Question: How should siblings compensate a sister or brother who lives near an aging parent and handles grocery trips, doctor visits, and other tasks? -- E.H., Bridgewater, N.J. Advice from Money readers:
Develop an agreement before the care begins. Put all the details in writing. -- Anne-Marie Brillantes, South Nyack, N.Y.
I never accepted financial compensation for my time or gas when I was a caretaker, nor would I feel comfortable accepting it if offered. I did my service out of love and duty. -- Lisa B., Albany, Ga.
I was in a situation where I was the caregiver and another sibling did nothing to help, financially or otherwise. It would have been nice to get time off sometimes or help with things I couldn't do because of the time spent providing care. -- Pamela M., Binghamton, N.Y.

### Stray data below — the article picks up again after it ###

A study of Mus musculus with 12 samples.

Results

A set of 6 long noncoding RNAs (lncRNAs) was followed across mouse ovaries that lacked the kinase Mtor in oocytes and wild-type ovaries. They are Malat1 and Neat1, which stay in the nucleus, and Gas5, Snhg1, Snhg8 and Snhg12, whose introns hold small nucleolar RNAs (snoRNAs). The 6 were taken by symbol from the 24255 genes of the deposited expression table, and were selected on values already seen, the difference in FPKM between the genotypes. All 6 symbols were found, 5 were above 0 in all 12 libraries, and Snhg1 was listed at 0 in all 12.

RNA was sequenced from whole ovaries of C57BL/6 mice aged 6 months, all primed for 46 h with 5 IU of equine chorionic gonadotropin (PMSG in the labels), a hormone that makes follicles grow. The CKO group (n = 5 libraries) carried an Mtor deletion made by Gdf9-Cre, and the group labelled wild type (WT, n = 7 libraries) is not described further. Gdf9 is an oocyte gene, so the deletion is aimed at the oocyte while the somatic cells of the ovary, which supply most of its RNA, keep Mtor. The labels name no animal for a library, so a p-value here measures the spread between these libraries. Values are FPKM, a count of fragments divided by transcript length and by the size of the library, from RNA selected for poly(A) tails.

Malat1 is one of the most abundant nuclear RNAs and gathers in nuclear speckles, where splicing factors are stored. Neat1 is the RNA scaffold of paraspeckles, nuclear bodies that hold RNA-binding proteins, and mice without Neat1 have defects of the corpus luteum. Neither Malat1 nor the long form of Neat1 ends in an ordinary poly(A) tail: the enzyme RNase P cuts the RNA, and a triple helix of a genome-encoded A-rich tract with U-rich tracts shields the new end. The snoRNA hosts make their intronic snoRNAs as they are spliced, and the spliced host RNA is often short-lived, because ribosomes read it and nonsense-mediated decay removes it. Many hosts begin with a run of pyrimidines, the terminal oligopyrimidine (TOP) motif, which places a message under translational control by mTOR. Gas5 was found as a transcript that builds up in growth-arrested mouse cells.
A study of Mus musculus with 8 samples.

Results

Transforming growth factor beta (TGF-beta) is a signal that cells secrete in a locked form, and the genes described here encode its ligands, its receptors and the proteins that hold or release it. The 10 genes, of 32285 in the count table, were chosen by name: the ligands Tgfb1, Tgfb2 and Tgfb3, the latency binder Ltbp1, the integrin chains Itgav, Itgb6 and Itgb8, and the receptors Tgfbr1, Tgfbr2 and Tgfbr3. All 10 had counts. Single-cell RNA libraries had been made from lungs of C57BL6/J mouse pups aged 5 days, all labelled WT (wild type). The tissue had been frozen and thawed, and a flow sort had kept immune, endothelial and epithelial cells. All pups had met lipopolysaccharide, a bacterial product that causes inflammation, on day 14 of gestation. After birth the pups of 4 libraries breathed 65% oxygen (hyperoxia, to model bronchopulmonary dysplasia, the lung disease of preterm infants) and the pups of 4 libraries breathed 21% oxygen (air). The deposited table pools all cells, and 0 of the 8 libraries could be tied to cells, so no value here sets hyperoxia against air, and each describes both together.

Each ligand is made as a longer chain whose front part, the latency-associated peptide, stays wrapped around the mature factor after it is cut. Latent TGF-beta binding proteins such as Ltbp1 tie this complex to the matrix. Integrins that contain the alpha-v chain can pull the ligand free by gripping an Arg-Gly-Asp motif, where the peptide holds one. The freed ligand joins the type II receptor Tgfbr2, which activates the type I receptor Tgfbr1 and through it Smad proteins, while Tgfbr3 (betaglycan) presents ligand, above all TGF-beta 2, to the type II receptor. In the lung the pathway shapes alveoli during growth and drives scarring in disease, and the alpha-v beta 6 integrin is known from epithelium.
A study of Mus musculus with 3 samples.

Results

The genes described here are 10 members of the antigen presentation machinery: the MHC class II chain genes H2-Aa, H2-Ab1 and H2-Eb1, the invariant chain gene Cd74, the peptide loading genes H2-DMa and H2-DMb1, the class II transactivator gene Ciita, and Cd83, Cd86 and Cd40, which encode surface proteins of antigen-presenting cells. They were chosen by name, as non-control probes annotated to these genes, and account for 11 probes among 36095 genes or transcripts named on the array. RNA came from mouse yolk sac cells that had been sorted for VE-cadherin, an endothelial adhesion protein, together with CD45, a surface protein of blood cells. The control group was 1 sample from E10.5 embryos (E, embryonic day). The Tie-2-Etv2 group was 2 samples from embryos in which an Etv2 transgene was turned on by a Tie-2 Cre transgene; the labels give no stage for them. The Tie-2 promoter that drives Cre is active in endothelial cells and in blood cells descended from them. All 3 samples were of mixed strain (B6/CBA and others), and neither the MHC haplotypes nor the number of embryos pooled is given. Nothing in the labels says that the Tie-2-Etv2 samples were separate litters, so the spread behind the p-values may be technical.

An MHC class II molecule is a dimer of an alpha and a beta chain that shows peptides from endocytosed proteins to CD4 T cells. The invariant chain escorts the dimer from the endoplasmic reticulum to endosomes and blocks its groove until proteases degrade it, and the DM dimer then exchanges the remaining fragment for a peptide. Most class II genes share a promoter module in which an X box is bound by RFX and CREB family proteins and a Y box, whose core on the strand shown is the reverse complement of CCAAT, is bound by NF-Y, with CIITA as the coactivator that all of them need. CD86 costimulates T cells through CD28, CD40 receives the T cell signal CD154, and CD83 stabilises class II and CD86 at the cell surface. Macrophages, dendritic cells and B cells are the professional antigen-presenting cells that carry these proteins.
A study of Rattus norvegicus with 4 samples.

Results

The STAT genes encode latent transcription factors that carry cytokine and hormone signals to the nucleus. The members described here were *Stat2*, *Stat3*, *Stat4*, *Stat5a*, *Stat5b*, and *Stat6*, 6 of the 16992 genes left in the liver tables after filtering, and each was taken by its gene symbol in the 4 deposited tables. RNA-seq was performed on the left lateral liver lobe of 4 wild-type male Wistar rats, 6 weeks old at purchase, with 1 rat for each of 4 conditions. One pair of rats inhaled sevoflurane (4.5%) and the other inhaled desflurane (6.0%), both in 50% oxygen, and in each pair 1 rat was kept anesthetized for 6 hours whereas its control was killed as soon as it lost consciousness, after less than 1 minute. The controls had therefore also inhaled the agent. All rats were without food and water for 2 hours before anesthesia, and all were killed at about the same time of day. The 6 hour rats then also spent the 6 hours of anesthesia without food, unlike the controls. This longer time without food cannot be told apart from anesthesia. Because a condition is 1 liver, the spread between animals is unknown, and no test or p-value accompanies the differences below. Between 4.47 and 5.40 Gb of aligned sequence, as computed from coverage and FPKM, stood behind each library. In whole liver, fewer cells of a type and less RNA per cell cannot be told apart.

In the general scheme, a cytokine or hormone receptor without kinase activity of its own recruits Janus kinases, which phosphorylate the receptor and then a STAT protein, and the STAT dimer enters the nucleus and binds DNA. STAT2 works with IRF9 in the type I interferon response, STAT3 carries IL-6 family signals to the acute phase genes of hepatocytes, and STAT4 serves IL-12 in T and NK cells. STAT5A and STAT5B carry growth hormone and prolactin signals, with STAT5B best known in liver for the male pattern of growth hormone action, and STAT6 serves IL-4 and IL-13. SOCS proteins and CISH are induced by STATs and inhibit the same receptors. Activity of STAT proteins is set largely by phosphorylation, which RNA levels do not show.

Siblings should take every opportunity to help -- maybe with an extra-generous gift at Christmas or a gift card for a restaurant. If the burden is large and consistent, it's reasonable to send a monthly stipend. -- Tom White, Chesapeake, Va.
The best way to compensate is to not critique the actions of the one doing the most. -- Paul S. Bresko, Maywood, N.J. The expert take:
This can be a very intense, emotional subject. There's a lot of resentment in some families. It may sound cold, but the best way to keep things calm is to draw up an agreement for the caregiver to get a certain amount, typically the standard hourly rate for professional caregivers in the region. Decide how siblings and/or the parents will split that cost.
In 90% of families, one person does most of the work. Beyond the hourly payment, faraway siblings can show their gratitude with small gifts or other thank-you gestures. -- Francine Russo, author, "They're Your Parents Too!"